New test reveals risks for pregnant women

Swedish researchers have discovered a new way of establishing at an early stage which women run the risk of toxaemia (pre-eclampsia) during pregnancy.

New test reveals risks for pregnant women

The simple urine test can uncover the risks faced by pregnant women for contracting the condition as early as during week 14 of a pregnancy, the Svenska Dagbladet daily reports.

Researchers at the biomedical centre at Lund University Medical Faculty have identified two substances – foetal haemoglobin and Alpha-1 microglobulin – which can be measured in the blood several months before the first symptoms emerge.

The method has been tested in blind studies on 96 English women with genetic tendencies towards a high risk for toxaemia. The Lund researchers were able to establish with a 90 percent certainty which of the women would suffer from the condition.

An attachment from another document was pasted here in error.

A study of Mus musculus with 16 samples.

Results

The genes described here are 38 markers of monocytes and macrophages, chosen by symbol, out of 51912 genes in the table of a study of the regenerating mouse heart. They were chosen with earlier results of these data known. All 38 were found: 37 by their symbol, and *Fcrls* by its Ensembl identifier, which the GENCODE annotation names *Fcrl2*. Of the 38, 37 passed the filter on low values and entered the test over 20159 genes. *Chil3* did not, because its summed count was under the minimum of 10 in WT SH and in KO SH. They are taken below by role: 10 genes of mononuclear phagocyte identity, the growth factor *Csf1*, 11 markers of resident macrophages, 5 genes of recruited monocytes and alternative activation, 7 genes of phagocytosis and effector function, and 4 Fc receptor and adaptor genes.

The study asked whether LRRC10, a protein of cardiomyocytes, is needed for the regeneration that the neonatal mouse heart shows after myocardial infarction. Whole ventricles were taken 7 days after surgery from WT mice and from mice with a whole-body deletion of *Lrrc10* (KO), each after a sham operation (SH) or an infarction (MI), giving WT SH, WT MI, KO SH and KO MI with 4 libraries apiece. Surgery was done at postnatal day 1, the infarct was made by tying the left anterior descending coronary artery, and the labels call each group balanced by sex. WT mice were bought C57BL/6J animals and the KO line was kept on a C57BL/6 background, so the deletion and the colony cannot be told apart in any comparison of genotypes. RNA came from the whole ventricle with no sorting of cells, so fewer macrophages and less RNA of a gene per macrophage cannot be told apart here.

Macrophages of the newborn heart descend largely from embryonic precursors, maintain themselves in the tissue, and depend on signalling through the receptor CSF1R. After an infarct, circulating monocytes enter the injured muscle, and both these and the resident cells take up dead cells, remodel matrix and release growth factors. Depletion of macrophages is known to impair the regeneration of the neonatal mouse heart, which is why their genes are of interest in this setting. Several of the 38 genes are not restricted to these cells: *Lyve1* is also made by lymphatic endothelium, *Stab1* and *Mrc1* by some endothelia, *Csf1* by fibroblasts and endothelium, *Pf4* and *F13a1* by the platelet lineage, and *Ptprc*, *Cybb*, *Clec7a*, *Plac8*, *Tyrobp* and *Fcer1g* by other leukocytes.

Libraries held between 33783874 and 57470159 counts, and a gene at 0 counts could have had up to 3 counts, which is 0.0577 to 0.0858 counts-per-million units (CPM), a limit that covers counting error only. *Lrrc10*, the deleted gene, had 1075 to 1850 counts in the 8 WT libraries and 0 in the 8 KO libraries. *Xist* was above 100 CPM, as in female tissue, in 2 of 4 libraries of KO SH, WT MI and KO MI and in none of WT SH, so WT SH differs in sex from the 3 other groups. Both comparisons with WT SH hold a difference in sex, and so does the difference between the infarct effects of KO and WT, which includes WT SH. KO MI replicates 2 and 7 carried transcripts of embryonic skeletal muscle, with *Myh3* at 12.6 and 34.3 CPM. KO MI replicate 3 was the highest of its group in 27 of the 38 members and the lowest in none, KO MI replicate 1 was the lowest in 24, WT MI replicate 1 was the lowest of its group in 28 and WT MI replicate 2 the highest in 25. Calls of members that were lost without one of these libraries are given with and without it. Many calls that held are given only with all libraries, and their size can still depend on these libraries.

The researchers have also developed a possible treatment for the illness.

The Alpha-1 protein, which is used by the body to protect against injury, can also be used to treat the sick women, preliminary tests have shown. When injected into the the placenta all traces of toxaemia were found to have disappeared.

Pregnancy toxaemia or pre-eclampsia is a condition which affects around two percent of pregnant women in Sweden. The condition is accompanied by high blood pressure and protein in the urine and can harm the transfer of nutrients from the placenta to the unborn child, causing stunted growth.

More serious cases can lead to seizures (eclampsia), cerebral haemorrhaging, several other serious conditions and even death, but that is very rare in Sweden due to regular pre-natal checks.